By Joe Cornicelli, Fraser McIntosh and Erik Rocheford, Discovery Research Services, Charles River
Only one in 10,000 compounds under active investigation makes it to market, and less than 20% of drugs entering Phase II clinical trials succeed. Moreover, drugs have an average development timeline of 10 years and cost at least $1 billion each to produce. What if there were a way to repurpose drugs, either those on the market or those abandoned along the way, saving the otherwise wasted time and money?
Last week, the Institute of Medicine released a 118-page report on drug repurposing, noting that many pharmaceutical companies are salvaging failed compounds and seeing whether these drugs might have other indications, particularly after an "increasing number of previously shelved compounds" have been repurposed. The report also cited the NIH's New Therapeutic Uses award program as another encouraging sign for this field.
There are a number of approaches to drug repurposing, but these are ultimately an expedition into uncharted territory. Scientists have to justify examining a compound in a different disease state, so they often make a hypothesis based on possible associations between mechanisms. At the end of the day, making associations is often a stretch and, even when hypotheses are accurate, scientists still need to test them in vivo. Phenotypic screening, however, just might be able to engineer the serendipity that drug repurposing needs.
Phenotypic screening involves testing agents of interest directly in relevant animal models across a number of therapeutic areas. This screening method has potential to discover new biology and could make the process of drug development more efficient by shortening development timelines. With the appropriate choice of animal models, it's possible to determine whether a candidate has efficacy in another disease state and ultimately to accelerate clinical development.
While all other approaches rely on testing the candidate compound in systems where the target for the candidate is known and its mechanism is established, in vivo phenotypic screening is target- and disease-agnostic. In other words, it's unbiased. At once, it can assess activity in a pathway or disease-relevant model with all the complexities of working in the whole organism.
Relevant animal models are key because they account for all of the complexities of demonstrating efficacy in an intact organism. Variables such as absorption, distribution, metabolism and delivery of the test article to the relevant target all have to be overcome to show activity.
Some of the best indicators of drug repurposing's power come from studies on diabetes and inflammation. For example, salsalate, a drug used to treat inflammation associated with rheumatic conditions, has shown promising success for Type 2 diabetes patients. The standards of care for Type 2 diabetes consistently attacked obvious targets of the disease for years until salsalate challenged the status quo. This anti-inflammatory drug has already shown efficacy in improving markers of glycemic control in Type 2 diabetic patients.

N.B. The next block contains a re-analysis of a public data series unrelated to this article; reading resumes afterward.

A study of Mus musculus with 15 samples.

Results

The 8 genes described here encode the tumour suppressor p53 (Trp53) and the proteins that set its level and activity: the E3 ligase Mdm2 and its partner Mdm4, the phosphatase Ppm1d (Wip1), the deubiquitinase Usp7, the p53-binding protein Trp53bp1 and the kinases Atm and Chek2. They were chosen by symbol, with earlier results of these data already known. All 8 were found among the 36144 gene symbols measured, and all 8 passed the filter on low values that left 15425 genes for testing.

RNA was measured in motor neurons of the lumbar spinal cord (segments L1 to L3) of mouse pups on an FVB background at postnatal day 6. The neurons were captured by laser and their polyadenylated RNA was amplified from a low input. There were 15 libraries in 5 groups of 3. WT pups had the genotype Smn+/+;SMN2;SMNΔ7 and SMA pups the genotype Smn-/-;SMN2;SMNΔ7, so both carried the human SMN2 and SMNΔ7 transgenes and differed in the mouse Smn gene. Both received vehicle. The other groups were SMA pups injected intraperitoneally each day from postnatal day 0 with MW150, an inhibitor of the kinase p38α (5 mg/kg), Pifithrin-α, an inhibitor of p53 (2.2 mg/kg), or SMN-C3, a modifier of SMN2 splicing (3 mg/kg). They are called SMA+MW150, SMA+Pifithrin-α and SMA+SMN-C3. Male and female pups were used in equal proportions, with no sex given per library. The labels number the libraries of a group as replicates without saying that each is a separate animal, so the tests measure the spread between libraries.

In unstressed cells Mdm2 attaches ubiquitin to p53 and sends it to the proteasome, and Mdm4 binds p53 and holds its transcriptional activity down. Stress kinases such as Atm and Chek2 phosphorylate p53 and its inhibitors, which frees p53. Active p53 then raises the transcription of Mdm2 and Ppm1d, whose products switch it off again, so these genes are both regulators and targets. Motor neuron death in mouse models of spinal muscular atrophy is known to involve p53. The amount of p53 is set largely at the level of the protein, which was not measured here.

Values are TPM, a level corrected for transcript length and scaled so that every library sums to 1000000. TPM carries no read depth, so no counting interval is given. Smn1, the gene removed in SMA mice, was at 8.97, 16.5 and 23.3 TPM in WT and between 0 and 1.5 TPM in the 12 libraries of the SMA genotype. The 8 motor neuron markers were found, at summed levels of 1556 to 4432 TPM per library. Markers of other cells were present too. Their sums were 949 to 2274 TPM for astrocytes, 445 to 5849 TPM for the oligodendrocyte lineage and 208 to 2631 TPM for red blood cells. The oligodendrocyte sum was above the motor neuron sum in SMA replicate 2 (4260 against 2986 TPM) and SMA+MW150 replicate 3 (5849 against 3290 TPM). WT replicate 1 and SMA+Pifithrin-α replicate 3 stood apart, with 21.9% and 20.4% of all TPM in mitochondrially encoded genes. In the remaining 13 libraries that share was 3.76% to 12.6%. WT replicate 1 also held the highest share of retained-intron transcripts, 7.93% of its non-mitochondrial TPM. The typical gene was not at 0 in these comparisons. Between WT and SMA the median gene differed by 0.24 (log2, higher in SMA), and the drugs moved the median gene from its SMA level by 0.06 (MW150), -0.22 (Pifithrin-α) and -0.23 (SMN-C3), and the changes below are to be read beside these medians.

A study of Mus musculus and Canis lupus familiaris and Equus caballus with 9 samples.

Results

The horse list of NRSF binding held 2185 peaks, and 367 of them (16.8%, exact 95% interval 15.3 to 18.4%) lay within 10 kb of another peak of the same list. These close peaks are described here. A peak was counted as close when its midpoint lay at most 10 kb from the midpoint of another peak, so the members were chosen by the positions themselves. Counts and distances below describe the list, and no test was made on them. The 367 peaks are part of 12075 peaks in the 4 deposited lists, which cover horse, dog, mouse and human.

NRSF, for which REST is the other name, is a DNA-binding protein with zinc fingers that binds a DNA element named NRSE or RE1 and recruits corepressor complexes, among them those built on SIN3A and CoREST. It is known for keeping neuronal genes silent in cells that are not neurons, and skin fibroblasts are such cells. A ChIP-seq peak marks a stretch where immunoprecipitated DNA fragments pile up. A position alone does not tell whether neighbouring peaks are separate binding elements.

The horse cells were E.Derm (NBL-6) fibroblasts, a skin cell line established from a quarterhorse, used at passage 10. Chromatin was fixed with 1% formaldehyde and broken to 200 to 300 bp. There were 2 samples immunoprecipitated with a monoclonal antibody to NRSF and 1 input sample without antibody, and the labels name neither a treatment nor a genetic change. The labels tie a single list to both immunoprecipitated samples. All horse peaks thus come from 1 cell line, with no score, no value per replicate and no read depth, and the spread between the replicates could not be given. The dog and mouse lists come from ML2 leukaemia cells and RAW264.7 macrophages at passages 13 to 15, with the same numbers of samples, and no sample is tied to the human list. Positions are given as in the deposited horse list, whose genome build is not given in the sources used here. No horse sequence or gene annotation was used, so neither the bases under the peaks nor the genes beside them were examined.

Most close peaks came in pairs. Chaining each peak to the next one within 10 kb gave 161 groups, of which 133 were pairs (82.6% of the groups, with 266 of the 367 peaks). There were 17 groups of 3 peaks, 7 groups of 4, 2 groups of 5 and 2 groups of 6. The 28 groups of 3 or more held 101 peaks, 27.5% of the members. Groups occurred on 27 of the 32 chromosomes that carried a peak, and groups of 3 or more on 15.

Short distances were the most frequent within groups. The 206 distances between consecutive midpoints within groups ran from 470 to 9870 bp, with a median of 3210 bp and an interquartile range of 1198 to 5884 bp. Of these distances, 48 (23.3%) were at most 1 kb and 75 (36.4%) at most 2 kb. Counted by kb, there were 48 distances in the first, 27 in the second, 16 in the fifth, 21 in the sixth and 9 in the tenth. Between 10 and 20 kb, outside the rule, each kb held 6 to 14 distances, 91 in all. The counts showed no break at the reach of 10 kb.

But not every class of drugs lends itself easily to phenotypic screening at first. Cancer compounds, for example, might require a more measured approach because scientists have to consider a number of different diseases lumped under the moniker of oncology. But many other disease areas are ripe for this tactical approach. And there is already ample evidence that phenotypic screening will yield new indications. If we look at the off-label uses of currently approved medications as an indication of the chance for success, then our odds look promising considering that about 20% of all drugs are prescribed for indications other than the approved indication or indications. For cardiovascular medications and anticonvulsants, the estimate for alternative use is about 80%!
Phenotypic screening could make the process of drug development more efficient by shortening development timelines. The possibilities are endless, and animal models are elevating drug repurposing's potential. Look around. Think differently. What's old may be new again.
Joe Cornicelli, Ph.D., F.A.H.A., is the director of inflammation and cardiovascular pharmacology services for Charles River and has over 22 years of experience in drug discovery and development. In 2007, Dr. Cornicelli joined Discovery Research Services at Charles River, where he is responsible for directing discovery efforts for the assessment of potential therapeutics for inflammatory and cardiovascular disorders. Dr. Cornicelli is a Fellow of the American Heart Association.
Fraser McIntosh, B.Sc., is the director of discovery services at CRL in Montreal and has over 23 years of experience in drug discovery and development across different disease areas. Prior to working at Charles River, Fraser led teams at AstraZeneca responsible for developing novel respiratory and inflammation therapeutics, then moved to Canada in 2006 to lead AstraZeneca's in vivo pharmacology pain division.
Erik Rocheford, M.S., is a study director in discovery research services and has over 9 years of experience in drug discovery and development. He oversees all aspects of in vivo studies and provides guidance on study design, data interpretation, and troubleshooting for academic, biotech and industry clients. Prior to joining Charles River in 2012, his focus at Novartis Institute for BioMedical Research was in Type 2 diabetes, obesity and metabolic disease states, with specific training in in vivo animal models focusing on lipid synthesis and oxidation, insulin resistance, obesity, and the kinetics of dietary carbohydrate and lipid intermediates.